The Commodity Futures Trading Commission (CFTC) recently announced that it had granted an award of around $9 million to a whistleblower, one of the five largest awards granted as part of the regulator’s Whistleblower Program.
The US watchdog said in a statement on Monday that it granted the award after the whistleblower gave it a specific, credible, and timely tip. This led to the Commission opening an investigation and ultimately bringing a successful enforcement action.
The specific details regarding the whistleblower’s tip and which company or person/s it related to have been redacted from available court documents. The regulator also does not provide any information in which individuals or entities are related in its statement.
SEC and CFTC grant big awards to Whistleblowers
Although being a whistleblower is not without its risks, it can be lucrative. As Finance Magnates reported, in June, the Securities and Exchange Commission (SEC) awarded a tipster $50 million after the information provided resulted in “a successful enforcement action” and returned “a significant amount of money” to harmed investors.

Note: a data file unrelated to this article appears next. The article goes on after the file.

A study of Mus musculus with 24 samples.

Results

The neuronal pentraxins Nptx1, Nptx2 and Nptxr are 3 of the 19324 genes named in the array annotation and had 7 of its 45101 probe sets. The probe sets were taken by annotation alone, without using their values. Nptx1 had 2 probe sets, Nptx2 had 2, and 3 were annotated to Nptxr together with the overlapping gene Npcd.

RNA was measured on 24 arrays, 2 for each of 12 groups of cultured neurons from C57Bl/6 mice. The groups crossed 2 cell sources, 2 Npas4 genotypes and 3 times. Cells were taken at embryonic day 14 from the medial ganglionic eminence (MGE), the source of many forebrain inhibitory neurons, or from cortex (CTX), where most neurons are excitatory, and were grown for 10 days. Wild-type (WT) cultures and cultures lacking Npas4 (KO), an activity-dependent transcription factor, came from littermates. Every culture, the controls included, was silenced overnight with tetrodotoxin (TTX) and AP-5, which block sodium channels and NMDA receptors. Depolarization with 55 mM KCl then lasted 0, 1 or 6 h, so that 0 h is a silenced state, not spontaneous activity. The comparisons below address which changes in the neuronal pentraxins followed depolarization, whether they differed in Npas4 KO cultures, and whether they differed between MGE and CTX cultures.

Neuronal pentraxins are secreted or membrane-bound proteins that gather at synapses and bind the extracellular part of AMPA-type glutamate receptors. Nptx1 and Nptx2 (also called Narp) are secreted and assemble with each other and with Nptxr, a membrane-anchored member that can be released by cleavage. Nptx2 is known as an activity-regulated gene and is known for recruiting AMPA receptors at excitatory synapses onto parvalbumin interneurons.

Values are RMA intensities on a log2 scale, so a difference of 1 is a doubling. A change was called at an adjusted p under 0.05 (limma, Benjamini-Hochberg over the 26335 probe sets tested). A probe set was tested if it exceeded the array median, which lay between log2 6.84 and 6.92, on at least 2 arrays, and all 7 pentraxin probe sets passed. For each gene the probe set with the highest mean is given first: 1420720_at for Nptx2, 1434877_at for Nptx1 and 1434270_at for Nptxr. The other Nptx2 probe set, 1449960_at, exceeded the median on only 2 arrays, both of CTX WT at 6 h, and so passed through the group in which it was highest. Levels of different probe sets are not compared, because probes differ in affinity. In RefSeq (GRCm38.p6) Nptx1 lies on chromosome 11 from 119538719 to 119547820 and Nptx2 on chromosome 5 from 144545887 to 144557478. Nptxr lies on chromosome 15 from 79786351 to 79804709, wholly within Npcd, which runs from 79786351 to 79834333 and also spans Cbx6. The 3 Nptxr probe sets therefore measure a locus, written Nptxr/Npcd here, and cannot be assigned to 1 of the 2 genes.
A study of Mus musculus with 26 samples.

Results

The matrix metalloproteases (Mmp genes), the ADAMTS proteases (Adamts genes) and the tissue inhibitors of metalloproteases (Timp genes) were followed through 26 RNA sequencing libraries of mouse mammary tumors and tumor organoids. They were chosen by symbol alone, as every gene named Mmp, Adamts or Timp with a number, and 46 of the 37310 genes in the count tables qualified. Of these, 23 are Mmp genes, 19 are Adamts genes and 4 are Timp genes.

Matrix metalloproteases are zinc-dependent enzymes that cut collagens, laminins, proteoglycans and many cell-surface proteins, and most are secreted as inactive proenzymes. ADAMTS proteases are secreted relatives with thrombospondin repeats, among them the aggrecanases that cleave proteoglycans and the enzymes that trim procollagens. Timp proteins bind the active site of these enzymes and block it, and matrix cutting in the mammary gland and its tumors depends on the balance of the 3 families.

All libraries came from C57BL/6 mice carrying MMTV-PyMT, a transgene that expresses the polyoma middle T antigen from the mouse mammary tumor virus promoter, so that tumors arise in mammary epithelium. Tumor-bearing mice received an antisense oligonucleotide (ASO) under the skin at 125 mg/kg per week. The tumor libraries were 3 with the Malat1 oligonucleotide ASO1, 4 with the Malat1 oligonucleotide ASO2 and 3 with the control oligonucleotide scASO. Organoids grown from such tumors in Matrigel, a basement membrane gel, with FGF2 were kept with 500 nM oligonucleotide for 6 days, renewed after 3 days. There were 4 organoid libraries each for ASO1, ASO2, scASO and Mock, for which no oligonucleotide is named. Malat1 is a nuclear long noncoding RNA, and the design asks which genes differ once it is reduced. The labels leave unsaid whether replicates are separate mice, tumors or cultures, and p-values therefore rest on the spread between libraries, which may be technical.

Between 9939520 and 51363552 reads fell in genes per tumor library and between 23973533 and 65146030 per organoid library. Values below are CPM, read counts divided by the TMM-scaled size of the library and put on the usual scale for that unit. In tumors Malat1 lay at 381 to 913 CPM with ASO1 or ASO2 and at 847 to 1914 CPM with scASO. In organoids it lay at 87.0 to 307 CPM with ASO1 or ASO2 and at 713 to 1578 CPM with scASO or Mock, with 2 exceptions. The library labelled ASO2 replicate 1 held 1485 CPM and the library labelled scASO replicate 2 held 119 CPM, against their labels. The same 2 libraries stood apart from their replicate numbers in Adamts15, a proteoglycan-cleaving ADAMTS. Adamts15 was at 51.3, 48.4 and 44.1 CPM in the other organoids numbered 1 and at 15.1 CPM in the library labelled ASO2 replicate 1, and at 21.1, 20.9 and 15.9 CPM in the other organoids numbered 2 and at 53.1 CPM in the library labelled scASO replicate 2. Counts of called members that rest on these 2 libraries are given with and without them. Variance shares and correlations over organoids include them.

At the time, the reward was the largest ever awarded by the SEC and easily surpassed the previous record of $39 million, which was set back in 2018. In July of 2018, the CFTC awarded $30 million to a whistleblower, which, at the time, was the largest ever amount granted to a single whistleblower since its program began.
“Whistleblowers like the individual receiving the award today provide a valuable public service,” added Whistleblower Office Director Christopher Ehrman in the statement. “We encourage others to come forward with information regarding possible violations in the markets the CFTC oversees.”